Apple Working on iPhone 6 Battery Charge Indicator Glitch

When travelers change time zones on their iPhones, the battery charge indicators aren't readjusting themselves. Apple is working to fix it.

Apple, iPhone 6s, iPhone 6s Plus, battery charge indicator, time zones, date and time

Apple is working to repair an annoying glitch that's not updating iPhone 6s (pictured) and 6s Plus battery charge indicators when a user switches time zones.

The issue occurs when users move through time zones while traveling or when they change the time zones manually on their devices, according to Apple. What's happening is that the battery charge percentage indicators are not automatically updating themselves to reflect the time change, according to a Jan. 13 post on the Apple support site.

To manually try to correct the problem, users are being advised by the company to restart their iPhone and then go to Settings > General > Date & Time, where they can ensure that "Set Automatically" is turned on, according to Apple.

iPhone users should contact Apple support if it happens again and they didn't change the time or time zone on their devices.

"Apple is aware of this issue and is investigating the cause and a solution," the company said.

Earlier in January, Apple released its latest beta versions of its iOS, OS X El Capitan, watchOS and tvOS operating systems for developers and users to download, test out and explore on their Apple devices. The latest betas, which are available for immediate download, include iOS 9.3, OS X 10.11.4, watchOS 2.2 and tvOS 9.2, as well as a new beta version of the Xcode 7.3 programming environment. iOS is Apple's operating system for mobile devices, OS X is the OS for desktop machines, watchOS is the operating environment for Apple Watches, and tvOS is the OS for Apple TV.

Meanwhile, Apple is also reportedly preparing to trim production of its iPhones by about 30 percent through March due to growing stocks of unsold iPhone 6 smartphones around the world, according to a recent eWEEK story.

The production cutbacks will allow remaining iPhone inventories to be reduced in the meantime.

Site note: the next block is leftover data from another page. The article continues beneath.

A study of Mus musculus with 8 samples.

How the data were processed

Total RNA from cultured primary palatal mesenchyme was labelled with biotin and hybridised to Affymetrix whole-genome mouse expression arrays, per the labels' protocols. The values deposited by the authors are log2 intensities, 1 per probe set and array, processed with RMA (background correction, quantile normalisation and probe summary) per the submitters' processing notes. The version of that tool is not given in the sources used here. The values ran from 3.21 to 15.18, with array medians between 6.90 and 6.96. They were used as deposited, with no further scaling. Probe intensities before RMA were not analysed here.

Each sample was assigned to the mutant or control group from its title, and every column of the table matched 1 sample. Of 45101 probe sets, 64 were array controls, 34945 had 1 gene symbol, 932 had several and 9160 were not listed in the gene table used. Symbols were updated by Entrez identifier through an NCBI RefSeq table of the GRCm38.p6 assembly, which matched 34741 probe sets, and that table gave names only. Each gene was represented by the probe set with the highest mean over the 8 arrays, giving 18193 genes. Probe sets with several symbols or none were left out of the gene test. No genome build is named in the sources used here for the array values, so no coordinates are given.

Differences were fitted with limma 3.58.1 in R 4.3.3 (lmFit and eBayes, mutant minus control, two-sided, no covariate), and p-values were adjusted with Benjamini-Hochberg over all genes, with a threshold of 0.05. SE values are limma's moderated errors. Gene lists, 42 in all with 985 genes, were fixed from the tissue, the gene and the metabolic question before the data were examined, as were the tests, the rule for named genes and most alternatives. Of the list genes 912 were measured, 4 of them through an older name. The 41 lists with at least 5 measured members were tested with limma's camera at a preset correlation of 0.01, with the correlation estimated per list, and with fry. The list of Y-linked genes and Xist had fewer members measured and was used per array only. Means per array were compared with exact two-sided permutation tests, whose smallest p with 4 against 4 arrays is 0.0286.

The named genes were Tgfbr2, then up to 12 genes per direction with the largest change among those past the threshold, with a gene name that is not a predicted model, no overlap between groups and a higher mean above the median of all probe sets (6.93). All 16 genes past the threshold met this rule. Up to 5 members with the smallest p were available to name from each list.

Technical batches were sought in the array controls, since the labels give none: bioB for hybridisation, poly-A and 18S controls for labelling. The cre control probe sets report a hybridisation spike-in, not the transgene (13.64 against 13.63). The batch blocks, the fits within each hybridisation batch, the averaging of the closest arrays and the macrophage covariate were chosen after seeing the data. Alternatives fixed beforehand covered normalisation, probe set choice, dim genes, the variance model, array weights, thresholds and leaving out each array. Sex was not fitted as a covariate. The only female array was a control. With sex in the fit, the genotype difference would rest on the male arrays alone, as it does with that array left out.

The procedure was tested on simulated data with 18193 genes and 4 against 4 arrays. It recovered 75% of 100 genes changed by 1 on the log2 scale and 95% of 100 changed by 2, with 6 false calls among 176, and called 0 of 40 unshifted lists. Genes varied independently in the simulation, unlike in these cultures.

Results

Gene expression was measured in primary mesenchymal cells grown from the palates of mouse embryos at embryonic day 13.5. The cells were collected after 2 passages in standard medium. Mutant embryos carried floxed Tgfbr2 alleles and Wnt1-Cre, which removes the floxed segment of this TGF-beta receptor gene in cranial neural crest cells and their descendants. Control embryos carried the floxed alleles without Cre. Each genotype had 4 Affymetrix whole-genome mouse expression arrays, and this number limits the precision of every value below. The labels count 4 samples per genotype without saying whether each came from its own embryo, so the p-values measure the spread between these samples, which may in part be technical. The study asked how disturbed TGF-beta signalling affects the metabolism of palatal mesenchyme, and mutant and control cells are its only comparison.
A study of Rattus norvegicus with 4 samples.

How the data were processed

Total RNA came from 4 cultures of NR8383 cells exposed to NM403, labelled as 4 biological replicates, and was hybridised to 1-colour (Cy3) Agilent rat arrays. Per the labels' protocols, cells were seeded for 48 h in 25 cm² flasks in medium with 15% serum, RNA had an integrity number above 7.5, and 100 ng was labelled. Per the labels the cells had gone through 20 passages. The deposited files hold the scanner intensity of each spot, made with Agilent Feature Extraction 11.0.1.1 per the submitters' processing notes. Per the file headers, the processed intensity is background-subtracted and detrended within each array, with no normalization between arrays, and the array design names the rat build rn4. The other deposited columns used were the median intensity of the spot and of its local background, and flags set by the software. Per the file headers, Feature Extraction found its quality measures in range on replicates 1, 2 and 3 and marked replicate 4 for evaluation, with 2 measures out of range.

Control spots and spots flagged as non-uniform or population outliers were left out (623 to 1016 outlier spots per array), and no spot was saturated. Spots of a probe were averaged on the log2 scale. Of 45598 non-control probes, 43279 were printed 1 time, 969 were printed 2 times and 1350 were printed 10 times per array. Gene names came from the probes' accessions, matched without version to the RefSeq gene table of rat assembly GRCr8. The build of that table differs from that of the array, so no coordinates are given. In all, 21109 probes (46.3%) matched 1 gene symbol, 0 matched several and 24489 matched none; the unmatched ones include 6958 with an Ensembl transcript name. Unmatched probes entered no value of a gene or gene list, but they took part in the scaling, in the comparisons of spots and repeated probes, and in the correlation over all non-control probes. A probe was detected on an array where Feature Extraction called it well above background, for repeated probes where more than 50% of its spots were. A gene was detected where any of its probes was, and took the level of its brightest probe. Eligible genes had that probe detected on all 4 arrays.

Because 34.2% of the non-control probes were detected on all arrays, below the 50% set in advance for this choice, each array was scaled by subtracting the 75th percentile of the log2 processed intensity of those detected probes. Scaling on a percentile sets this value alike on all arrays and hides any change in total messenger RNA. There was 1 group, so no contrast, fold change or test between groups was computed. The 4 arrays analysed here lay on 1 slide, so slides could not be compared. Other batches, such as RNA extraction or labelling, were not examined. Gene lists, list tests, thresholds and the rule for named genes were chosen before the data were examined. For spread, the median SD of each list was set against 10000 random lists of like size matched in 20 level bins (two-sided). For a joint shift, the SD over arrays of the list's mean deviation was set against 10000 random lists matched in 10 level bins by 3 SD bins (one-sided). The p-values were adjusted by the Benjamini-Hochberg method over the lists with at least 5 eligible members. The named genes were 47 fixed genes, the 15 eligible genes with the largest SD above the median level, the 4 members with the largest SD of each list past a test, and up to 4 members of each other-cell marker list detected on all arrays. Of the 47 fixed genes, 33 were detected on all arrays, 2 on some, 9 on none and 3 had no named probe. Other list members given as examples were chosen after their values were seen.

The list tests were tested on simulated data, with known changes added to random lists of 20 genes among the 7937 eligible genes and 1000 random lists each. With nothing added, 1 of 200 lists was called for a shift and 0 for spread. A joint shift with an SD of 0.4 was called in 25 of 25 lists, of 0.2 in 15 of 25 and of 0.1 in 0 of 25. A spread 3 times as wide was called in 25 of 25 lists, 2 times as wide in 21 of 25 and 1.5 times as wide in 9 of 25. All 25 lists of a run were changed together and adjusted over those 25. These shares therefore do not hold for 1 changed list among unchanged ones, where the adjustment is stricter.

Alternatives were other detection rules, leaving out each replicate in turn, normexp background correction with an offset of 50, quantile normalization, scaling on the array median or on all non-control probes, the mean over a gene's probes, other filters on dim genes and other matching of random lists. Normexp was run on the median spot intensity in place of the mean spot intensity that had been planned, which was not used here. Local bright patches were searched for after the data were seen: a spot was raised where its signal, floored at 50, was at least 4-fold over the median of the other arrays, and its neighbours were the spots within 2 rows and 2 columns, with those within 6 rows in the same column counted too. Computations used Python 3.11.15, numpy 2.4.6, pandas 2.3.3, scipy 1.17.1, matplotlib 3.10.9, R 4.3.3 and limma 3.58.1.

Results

The move by Apple will likely affect iPhone component suppliers including Japan Display, Sharp and LG Display, which make liquid crystal displays; Sony, which makes image sensors; and TDK, Alps Electric and Kyocera, which supply other electronics components.

A similar iPhone production cut was made by Apple in 2013, which caused companies that make iPhone components to find other revenue sources until iPhone production returned to higher levels.

Apple's latest iPhone 6s and 6s Plus smartphones went on sale last September. The iPhone 6s includes a 4.7-inch display, while the 6s Plus has a 5.5-inch display, both of which are wrapped in a new stronger cover glass. Both new phones are built around Apple's fastest smartphone chip, the A9, which is a third-generation 64-bit chip. The cameras on the latest devices received a major upgrade with the addition of a new 12-megapixel iSight camera that has 50 percent more pixels than earlier devices. Both phones also are now capable of 4K video, run on iOS 9 and include new 5MP FaceTime HD front cameras.

In December, reports circulated that Apple is applying for a patent for a technology that could allow the company to build waterproof iPhones in the future by protecting external headphone ports and charging cords with special self-healing rubber receptacles, according to an earlier eWEEK story. The patent application, which was posted by the U.S. Patent and Trademark Office on Dec. 10 after originally being filed by Apple on June 9, 2014, could be a hint of a future feature in the company's flagship smartphones.

The application describes the innovation as a "self-healing elastomer applied over one or more external electronic connectors," which would protect internal electronic connectors used to plug in external headphones or charging cords. The special self-healing elastomer, which is essentially rubber, would then be pierced temporarily by an incoming plug on a headphone cord or charging cord to allow the connection to be made, according to the application. When the cord is removed, the self-healing rubber material would regain its original shape to again block the port, making the device safe from water penetrating into the device.

Other smartphones have been sold that are waterproof, including models from Samsung, but iPhones do not yet have the feature.

Earlier in December, reports surfaced that Apple could be looking at dropping the long-established 3.5mm headphone jack on its next iPhones and replacing it with a thinner Lightning connector or Bluetooth to help make the phones even thinner, according to another eWEEK story. Even if Apple does delete the headphone jack, the company's patent application to seal iPhone ports could still be useful.